I have an old SMC Pentax-F 50mm F1.7 that I like to use with an adapter on my APS-C camera for portraits. It looks great, even though it has somewhat heavy CAs at f/1,7. On some backlit portraits, I get this curious artifact:

light artifact

I don't want to share the entire image as I haven't cleared it with my model yet. This photo was taken at sunset, the setting sun is visible in the image, so it shines directly into the lens, producing a flare ring and this light artifact. Here's another photo at a slightly different angle:

light artifact 2

It looks different, yet seems to be the same phenomenom.

I have never seen this type of flaring on newer lenses. The green hue seems to suggest it's some kind of combination of a flare and a Chromatic Abberation, if that makes sense? I was just wondering what causes this specific kind of flare/leak/artifact, if it has a name and in what (type of) lenses it occurs. Thank you!


That's just an ordinary flare. It is cat-eye shaped probably because it is reflected from the edge of the lens element - edge of the lens mechanically blocked part of the otherwise round shape. Green-reddish color is because of angle of light hitting lens elements. That same kind of flare can happen with any lens, you just need point light source near the edges of lens image circle - inside it, or just slightly outside, doesn't matter.

I have the same lens, and yes, wide-open it isn't the best, as expected from large-aperture old lenses. CAs are easily cleaned in post, and I've seen much worse CAs from much more expensive lenses, though.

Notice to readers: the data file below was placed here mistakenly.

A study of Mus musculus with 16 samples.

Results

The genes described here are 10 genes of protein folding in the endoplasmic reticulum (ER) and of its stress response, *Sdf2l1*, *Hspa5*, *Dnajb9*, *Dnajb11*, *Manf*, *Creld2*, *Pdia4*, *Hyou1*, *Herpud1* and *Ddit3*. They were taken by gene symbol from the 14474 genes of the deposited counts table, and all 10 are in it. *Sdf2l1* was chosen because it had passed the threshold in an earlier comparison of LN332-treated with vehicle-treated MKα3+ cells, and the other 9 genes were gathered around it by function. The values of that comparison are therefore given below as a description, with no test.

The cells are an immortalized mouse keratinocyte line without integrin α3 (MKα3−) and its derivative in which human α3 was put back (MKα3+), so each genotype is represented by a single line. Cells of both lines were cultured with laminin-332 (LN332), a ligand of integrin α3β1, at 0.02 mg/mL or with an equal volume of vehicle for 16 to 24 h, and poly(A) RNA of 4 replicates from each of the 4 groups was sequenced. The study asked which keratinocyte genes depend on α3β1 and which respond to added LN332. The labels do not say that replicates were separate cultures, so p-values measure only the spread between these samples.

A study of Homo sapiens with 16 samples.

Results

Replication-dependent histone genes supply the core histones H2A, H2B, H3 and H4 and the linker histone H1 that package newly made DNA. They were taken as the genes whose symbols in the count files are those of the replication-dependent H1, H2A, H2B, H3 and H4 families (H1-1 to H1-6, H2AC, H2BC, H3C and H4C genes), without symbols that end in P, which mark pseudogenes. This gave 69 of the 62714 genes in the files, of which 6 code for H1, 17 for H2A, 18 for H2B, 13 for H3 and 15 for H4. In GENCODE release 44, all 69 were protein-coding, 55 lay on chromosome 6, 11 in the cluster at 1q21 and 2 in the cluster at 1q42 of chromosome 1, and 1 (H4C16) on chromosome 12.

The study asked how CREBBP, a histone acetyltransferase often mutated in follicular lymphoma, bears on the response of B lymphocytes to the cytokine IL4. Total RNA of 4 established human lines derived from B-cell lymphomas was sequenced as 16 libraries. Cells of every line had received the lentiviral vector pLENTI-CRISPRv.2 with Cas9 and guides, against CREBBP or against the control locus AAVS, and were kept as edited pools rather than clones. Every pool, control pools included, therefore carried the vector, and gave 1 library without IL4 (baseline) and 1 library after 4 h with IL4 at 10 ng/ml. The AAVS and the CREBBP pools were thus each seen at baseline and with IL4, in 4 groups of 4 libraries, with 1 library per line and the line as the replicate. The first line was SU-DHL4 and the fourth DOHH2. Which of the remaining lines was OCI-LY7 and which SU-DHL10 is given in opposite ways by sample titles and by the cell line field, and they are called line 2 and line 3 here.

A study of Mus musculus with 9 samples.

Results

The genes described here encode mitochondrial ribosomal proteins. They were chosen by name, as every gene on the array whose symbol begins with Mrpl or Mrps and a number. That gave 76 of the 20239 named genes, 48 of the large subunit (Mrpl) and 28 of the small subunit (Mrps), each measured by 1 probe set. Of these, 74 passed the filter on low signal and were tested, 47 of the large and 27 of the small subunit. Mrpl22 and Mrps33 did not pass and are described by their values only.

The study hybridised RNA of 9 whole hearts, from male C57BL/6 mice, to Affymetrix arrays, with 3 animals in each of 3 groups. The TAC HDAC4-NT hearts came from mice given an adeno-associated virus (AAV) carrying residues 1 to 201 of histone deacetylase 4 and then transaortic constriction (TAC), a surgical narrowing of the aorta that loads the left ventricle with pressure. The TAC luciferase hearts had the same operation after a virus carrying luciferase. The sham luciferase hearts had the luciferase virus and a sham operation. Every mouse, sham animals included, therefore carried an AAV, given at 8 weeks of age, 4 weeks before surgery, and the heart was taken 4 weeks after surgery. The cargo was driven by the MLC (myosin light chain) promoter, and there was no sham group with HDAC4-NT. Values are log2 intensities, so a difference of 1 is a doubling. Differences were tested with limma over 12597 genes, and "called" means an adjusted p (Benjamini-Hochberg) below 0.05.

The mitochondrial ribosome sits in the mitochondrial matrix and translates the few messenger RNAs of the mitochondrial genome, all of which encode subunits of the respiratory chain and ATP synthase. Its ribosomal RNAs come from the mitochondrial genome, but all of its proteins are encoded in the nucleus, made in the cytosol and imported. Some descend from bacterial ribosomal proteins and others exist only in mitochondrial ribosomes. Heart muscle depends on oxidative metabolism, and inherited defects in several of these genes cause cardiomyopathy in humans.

All camera lenses show flare, especially so when a bright light source is in or near the field of view. We can mitigate somewhat by mounting a lens shade. Flare is a scattering of light within the optical system. Flare is thus stray light rays that in due course, baths entire image. Flare is thus devastating as it robs the image of contrast. When focused by the lens near the focal plane a ghost image forms. Ghost images become more pronounced as the lens is stopped down.

The lens maker attempts to mitigate internal reflections by use of a flat black coating on internal parts. However the main contributor is internal reflections from the polished glass lens elements. To mitigate, lenses are coated with a thin layer of minerals. Such a coat reduces reflections by interference. A well coated lens transmits 97% and reflects 3% (or better).

It is the thickness of the coat that does the trick. The thickness is adjusted to handle one specific wavelength. This will be about ¼ of the wavelength of the color to be optimized. The Reflected light we see is that color’s compliment. A coat optimized for blue, reflects yellow, a coat optimized for green reflects magenta (red + blue). A coat optimized for red, reflects cyan (green + blue), etc.

The color of the flare and a ghost is thus dependent on what color or colors comprise the reflection. This will be a variable based on the angle of incident.